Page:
Ansel Adams in a New Light | Modern Society of USA

Ansel Adams in a New Light

Ansel Adams in a New Light

BOSTON — Ah, wilderness! It’s our answer to Europe’s cathedrals, our proof of a unique national identity.

Most citizens were first introduced to the wilderness by images. In the early 19th century, Thomas Cole placed the eastern wilderness — his beloved Catskill Mountains — on walls. Later in the century, Carleton Watkins’s 1861 photographs of Yosemite contributed heavily to Lincoln’s decision in 1864 to secure the valley forever “for public use, resort and recreation,” the first time any government anywhere set aside land to benefit the public.

William Henry Jackson’s 1871 photographs of Yellowstone helped persuade Congress to establish the first national park in 1872. Then in the 1930s, Ansel Adams (1902-1984), a staunch conservationist who had grown up near the windswept dunes of Golden Gate Park, lobbied Congress and sent the government a book of his photographs of the southern Sierra Nevada range. They strongly influenced President Franklin Roosevelt’s decision to make the Kings Canyon area a national park.

Late in the century virtually every home had a viewer for 3-D stereographs of a West that looked like a fable. Manifestly — in mind-set as well as mission — the West was our destiny.

Like Ralph Waldo Emerson, Adams experienced a heightened spirituality in the wilderness that spoke to a longing for the beauties, peace and spectacle of untrammeled nature — a yearning that lingers strongly in our time, suggesting it might be innate.

He was 14 when he first visited Yosemite. He quickly took his Kodak into that stupendous valley and was so moved by the experience that it changed his life. Adams meant his images to convey the emotions he experienced while taking pictures and then heightening their impact in the darkroom. (He was a superb printer.) How lucky it is for the arts that human vision, though it does not register the world in black and white, can respond to colorless representation on a level within reach of its response to color.

Landscape tourism grew exponentially from the post Civil War years to today, but untouched wilderness has dwindled as the population increased and migrated to cities and suburbs, while mining, drilling and industrialization encroached on open spaces. Adams, though well aware of how commercialized the national parks had become, could scarcely have anticipated that on summer weekends the grounds bordering the Grand Canyon would look like Woodstock.

He preferred the parks pristine, and Eadweard J. Muybridge’s 19th-century photograph of Yosemite Valley with a logging road cutting across it is paired at the M.F.A. with Adams’s image of the same place, the road carefully retouched out.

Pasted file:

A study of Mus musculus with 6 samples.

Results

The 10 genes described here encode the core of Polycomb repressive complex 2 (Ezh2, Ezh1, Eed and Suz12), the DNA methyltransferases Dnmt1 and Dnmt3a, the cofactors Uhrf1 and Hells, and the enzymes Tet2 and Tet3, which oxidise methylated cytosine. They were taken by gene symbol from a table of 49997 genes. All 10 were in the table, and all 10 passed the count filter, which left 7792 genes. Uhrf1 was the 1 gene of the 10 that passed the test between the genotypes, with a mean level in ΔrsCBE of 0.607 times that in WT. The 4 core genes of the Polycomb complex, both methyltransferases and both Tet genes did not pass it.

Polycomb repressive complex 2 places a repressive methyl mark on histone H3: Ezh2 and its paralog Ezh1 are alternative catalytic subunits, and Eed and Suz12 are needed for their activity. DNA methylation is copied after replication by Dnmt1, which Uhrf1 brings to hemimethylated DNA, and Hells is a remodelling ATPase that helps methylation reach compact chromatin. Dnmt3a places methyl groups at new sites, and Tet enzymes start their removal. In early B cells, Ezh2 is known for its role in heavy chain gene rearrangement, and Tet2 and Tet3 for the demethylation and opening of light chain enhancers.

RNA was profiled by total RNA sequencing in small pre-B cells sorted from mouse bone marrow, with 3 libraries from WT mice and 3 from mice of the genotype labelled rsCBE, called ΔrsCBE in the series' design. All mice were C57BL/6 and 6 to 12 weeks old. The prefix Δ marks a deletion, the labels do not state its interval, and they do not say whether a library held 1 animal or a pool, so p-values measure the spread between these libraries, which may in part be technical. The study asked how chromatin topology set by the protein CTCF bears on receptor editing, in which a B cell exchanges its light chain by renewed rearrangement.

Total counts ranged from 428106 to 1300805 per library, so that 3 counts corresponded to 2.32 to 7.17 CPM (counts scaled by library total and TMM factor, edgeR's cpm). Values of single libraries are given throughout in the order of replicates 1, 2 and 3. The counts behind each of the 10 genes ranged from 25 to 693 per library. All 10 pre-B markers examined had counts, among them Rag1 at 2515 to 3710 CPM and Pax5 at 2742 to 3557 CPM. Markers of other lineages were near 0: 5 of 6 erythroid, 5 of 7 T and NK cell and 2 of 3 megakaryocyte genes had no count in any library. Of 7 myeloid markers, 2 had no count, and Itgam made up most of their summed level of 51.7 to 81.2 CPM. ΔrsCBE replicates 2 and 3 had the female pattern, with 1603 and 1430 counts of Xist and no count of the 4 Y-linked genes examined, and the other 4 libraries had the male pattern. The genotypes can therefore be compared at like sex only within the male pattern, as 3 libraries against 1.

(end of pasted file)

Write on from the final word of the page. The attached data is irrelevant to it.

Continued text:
Photographers took note of how “progress” had changed the land. In the 1960s and 1970s, the movement called New Topographics signaled a radical shift from traditional depictions of the land to the many ways we had altered it.

Robert Adams, Lewis Baltz and others photographed what had once been purple mountains’ majesty — mountains now more likely to tower above rutted lanes and ticky-tacky houses. Adams took some note as well. His photograph of a housing development is at the M.F.A., as is his picture of a pensive cemetery statue that makes it clear that the cemetery borders on a forest — of oil derricks.

The New Topographers were determined to acknowledge the slow decline of wilderness, which had been trampled in part by the lingering wish to be near nature, a wish that bit its own tail. Many of the houses destroyed by the recent Northern California fires were located in what’s called the wildland-urban interface, dangerously close to forests.

In the late 1970s, a group called the Rephotographic Project figured out exactly where and in what season some important 19th-century landscape photographers had stood, then made photographs at the exact same times and places. The landscape, often enough, was quite recognizable but equally often overrun or partially obstructed by buildings.

Nonetheless, art and commercial photographers today still photograph beautiful landscapes beautifully. Landscape photographs are everywhere, thanks to Instagram, providing proof that wilderness still exists, although it may be outnumbered by its portraits.

SOME CONTEMPORARY PHOTOGRAPHERS ask a vital question of art history: What can be done with a scene that long ago became an icon and is tattooed upon our minds? The answer lies with what artists have done with icons for centuries: They have reinterpreted them.

Mark Klett and Byron Wolfe incorporated pieces of earlier photographs into their own collaboration on exhibit here, stitching a time sequence into a single image. They photographed the view from Glacier Point overlook at exactly the spot where Carleton Watkins had stood, then replaced portions of their color photograph with a fragment of Adams’s and a fragment of Watkins’s photographs of the same view.